Leveraging Big Data Concepts to Handle Disparate Data Sets

Big data can overwhelm water utilities. Smart grid solutions provide a holistic view into data.

Data abounds at water and wastewater utilities. So much so that operators would be overwhelmed if they had to sift through and interpret all of the data. It has been found that utilities often use less than 40% of the data they generate, leaving more than 60% untouched.

Raja Kadiyala

Raja Kadiyala

Unfortunately, operational patterns and insight is often lost by not holistically analyzing the complete set of data. When considering the complete data set available from maintenance activities in the CMMS, to real-time SCADA data, to regulatory data in the LIMS, to security data in the video surveillance system, to meter data in the CIS or AMR, it readily becomes a rather large task to assimilate all the data. In the end, we want to avoid inundating the operators with raw data, but rather have solutions in place to link data streams, interpret them, and then provide the operators insight and actionable information with which to respond to the condition.

With the problem at hand defined, let’s take a step back and see if we can utilize solutions from other areas. It is certainly the case that nearly every discipline from sports and advertising to public health and science rely on data-driven analysis for decision-making. Tag-lined the “Age of Big Data,” we are becoming more and more reliant on data-driven evidence and analysis for nearly every decision we make. Data is not only becoming more available to the general public, but also more understandable, thanks to computing resources and advanced algorithms for analytics. Some fundamental elements of Big Data processing are the ability to find relationships across a multitude of data, process the data into understandable ‘chunks’ that better map to business needs and can be readily consumed by humans, and to provide visualizations for more direct interpretation and understanding.

A key element in processing the Big Data within a water utility was the development of Event Detection Systems (EDSs). An EDS performs real-time analytics on a data stream to determine whether there is anomalous behavior. This analysis allows operators to focus on their daily activities, while the EDS is performing the analytical number-crunching and alerting the operators when needed.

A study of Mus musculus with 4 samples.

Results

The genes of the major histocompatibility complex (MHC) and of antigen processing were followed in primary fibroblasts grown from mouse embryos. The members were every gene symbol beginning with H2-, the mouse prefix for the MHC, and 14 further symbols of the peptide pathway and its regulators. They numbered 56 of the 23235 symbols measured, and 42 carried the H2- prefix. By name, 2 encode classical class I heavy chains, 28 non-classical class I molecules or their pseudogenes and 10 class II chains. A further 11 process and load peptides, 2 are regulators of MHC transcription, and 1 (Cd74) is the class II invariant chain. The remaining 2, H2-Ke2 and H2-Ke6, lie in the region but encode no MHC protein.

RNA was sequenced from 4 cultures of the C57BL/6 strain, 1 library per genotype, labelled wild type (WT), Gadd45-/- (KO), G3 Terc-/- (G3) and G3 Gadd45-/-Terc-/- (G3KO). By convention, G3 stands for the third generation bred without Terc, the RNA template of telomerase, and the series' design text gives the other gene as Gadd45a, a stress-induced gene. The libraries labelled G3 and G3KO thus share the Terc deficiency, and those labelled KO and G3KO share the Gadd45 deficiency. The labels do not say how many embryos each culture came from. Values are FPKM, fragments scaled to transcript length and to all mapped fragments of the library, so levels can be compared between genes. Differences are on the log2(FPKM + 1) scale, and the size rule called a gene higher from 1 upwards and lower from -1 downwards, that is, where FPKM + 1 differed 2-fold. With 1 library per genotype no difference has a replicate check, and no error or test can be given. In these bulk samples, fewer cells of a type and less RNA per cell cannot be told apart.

Through the implementation of numerous Smart Grid solutions, we have been able to leverage Big Data methodologies to address the issues in dealing with disparate data sets. These solutions provide real-time integration across multiple systems, perform data analytics, and visualize the information with spatial and temporal context to provide insight and actionable information for operators. The real-time integration enables a concept that I refer to as the value of now. There is certain information that has a shelf life, much like items at a grocery store. The more time it takes for an operator to be notified of that information, the less value it has. As an example, notifying an operator of water quality issues a week after it happens does not provide much value, nor does providing information on an impending pump failure after the pump fails. By analyzing all the data at hand, patterns can be established to provide the necessary insight.

A side-benefit of gathering and monitoring all of the component data in real time is the ability to mine this data for details that aid in day-to-day operations. These benefits range from optimal filter media replacement based on true media loading to detection of oxidation (which will ultimately lead to premature pipe replacement). The savings realized through these discovered issues has been shown to outweigh the implementation cost of these solutions.

Information is knowledge, and with the help of Smart Grid technology, water utilities can more effectively utilize the abundance of data collected by their systems and turn the 60% of untouched data into information that yields operational efficiencies and cost savings. Dashboards that display relevant and contextual information and underlying data give water utility managers answers to complex issues across their water networks so they can make informed decisions. Better managing and monitoring water using a variety of data sources allows utilities to detect issues in real-time, mitigate risks, address security issues, and streamline operations.

Raja Kadiyala is currently serving as a Senior Technology Fellow and is the Global Service Leader for Intelligent Water Solutions Service Team for CH2M HILL.